By Martha Funnell, MS, RN, CDE
You may have heard people in politics or other areas of public life described as being like Teflon. No matter what they do, nothing bad ever seems to stick to them. When it comes to your health, being Teflon is a good thing.
IT’S NOT THE STRESSOR, IT’S THE RESPONSE
Many people think of stress as causing health problems. But results from part of a large study called “Midlife in the United States“ have shown that just being stressed does not cause problems. It’s the response that people have to stressors that’s at issue. And that response can affect your health 10 years into the future, regardless of your health today. The study found that people who got upset by daily stressors and continued to dwell on them after they were over were more likely to suffer from chronic health problems—especially pain and heart disease—10 years later.
VELCRO OR TEFLON?
Researchers in this study describe some people as Teflon and some as Velcro. When a stressful event happens to Velcro types, they get upset and stay upset. With Teflons, the stressors slide right off; they are able to let go of a problem or upsetting situation.
All you have to do is stand in a long line to see people react like Teflon and Velcro. Everyone is in the same line: Some people find it upsetting, while others don’t. The Velcro person is still fuming even after reaching the front of the line, while the Teflon person can let it go more easily. So even though you don’t always have a choice about standing in a long line, you do have a choice about how you react.
FIND YOUR INNER TEFLON
People who react more like Teflon are better able to balance the negative and positive aspects of their lives. One way to find that balance is to do more of the things you enjoy and fewer of those things that drain your energy.
Another idea is to reframe your view or perception of the stress. Try asking yourself, “What is the worst thing that can happen if I have to stand in this long line? What is the best thing that can happen if I get upset about it?”
STRESS AND DIABETES
When you are stressed, your body releases hormones to help you deal with the stress. They’re the flight-or-fight hormones. These same hormones raise blood glucose levels. Look at your blood glucose readings when you are stressed. Do you see numbers higher than usual? Your high levels may be caused by these hormones.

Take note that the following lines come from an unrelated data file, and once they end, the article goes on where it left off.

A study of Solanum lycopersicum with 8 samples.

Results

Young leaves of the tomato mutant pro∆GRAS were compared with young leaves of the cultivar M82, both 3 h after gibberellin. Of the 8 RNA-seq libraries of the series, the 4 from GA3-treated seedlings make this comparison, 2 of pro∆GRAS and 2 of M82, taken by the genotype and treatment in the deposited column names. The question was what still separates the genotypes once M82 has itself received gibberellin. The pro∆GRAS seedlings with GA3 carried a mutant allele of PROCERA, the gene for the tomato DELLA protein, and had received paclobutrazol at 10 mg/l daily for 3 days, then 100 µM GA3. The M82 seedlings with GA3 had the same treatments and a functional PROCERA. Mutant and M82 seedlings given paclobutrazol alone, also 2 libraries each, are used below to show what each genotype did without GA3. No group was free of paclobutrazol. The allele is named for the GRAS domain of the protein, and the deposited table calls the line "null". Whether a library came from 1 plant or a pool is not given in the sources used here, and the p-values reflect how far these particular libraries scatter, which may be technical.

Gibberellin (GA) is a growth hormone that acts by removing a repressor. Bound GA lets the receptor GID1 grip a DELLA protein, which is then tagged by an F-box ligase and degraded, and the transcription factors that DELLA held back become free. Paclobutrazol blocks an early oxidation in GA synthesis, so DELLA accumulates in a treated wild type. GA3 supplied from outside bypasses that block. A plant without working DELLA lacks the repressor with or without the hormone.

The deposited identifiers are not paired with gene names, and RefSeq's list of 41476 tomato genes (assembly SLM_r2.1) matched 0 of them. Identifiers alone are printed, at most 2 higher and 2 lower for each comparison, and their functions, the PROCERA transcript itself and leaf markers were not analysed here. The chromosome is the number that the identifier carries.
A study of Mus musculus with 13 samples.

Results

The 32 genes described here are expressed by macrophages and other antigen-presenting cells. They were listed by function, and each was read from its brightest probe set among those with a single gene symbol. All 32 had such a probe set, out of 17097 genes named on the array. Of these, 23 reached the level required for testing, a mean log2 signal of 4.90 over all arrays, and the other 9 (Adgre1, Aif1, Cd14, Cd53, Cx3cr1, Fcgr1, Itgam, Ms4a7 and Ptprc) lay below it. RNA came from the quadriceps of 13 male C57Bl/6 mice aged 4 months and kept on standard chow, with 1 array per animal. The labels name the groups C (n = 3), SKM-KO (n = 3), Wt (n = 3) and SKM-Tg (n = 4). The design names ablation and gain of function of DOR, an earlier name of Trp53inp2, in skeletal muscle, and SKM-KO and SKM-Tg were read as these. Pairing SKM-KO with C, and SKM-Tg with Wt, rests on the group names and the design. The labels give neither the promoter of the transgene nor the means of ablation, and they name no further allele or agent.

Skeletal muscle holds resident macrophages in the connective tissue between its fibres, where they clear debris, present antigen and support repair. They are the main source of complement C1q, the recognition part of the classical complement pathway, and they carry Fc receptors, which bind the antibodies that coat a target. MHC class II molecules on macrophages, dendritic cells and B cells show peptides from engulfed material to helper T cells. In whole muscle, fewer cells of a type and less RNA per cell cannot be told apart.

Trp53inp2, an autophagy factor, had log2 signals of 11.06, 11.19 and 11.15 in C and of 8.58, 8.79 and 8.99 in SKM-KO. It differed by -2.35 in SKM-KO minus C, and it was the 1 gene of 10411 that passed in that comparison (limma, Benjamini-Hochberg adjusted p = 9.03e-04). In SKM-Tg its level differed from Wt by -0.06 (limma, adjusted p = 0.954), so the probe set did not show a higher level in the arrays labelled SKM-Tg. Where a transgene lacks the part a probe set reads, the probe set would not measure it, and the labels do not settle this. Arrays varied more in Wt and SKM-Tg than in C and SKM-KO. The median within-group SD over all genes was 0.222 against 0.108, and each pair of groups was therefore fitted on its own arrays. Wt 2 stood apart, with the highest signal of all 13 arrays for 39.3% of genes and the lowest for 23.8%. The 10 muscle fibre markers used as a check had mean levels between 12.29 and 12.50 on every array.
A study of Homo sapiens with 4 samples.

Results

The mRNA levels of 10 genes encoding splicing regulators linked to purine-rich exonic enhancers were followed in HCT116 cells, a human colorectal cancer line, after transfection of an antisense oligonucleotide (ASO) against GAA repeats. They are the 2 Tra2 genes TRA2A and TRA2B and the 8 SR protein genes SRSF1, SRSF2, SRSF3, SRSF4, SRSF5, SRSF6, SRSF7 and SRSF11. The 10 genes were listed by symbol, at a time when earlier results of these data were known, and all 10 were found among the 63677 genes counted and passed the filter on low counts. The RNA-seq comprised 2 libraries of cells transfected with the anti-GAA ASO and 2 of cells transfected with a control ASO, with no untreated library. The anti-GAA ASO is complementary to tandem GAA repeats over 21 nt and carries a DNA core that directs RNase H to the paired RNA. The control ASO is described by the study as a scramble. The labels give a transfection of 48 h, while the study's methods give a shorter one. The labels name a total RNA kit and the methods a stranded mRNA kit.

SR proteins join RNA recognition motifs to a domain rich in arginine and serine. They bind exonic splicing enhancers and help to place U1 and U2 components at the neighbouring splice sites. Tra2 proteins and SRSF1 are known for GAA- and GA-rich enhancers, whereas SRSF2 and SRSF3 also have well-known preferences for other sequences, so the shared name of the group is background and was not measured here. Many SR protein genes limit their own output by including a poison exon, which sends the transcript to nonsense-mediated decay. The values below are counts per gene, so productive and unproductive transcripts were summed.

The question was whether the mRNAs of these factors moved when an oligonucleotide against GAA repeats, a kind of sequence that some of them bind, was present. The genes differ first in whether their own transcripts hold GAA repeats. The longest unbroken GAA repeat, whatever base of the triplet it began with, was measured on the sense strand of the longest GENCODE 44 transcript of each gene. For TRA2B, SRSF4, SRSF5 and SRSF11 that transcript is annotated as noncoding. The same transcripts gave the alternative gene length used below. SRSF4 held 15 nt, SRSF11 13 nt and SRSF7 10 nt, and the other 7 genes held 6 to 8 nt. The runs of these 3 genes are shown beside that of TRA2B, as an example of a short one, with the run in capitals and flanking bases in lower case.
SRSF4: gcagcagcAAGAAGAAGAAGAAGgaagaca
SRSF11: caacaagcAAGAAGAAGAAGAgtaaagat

Some people eat more or sleep more when they feel stressed. Eating more can, in turn, lead to higher blood glucose readings. Other people may eat less or toss and turn at night.
Some people find it hard to exercise when they are feeling stressed out, and others find that exercise helps burn up some of the negative energy. Exercise is also a way to cope with stress. Exercise releases endorphins, the feel-good hormones that counter-act the effects of the stress hormones. Many people find taking a brisk walk or going to the gym after work helps them leave their stress behind.
7 IDEAS FOR FINDING YOUR INNER TEFLON
1 Find the support you need.
Find a good listener, or join a support group. Pray, meditate or practice your religion.
2 Know your limits.
Don’t try to do more than you can. Learn to say no to people or events that will raise your stress level. You don’t have to do it all. Do fewer things and do them better.
3 Plan your day and set goals you can meet.
Make time to take care of yourself and your health. Take breaks during stressful times or events. Make it a point to relax, take a nap or watch a funny movie.
4 Take a stress management class or practice relaxation exercises.
Community and senior centers, the library or the Internet are good resources.
5 Avoid stressful situations when possible.
If you can’t, plan ahead how you will handle the stress.
6 Express your feelings.
It is OK to cry when you’re sad or upset, but try to laugh every day.
7 Use your energy in a positive way.
Hobbies, things you enjoy, laughing or spending time with upbeat people can help you handle your stress.
When you have diabetes, you may see the effect of the stress right away. The way you handle stress can affect your blood glucose. If stress is causing you serious anxiety or is getting in the way of you enjoying your life, ask your healthcare provider for a referral to a behavioral health professional for help. Although stress is a fact of life for most of us, you can learn to better handle the stress you experience and live a longer, happier, healthier life.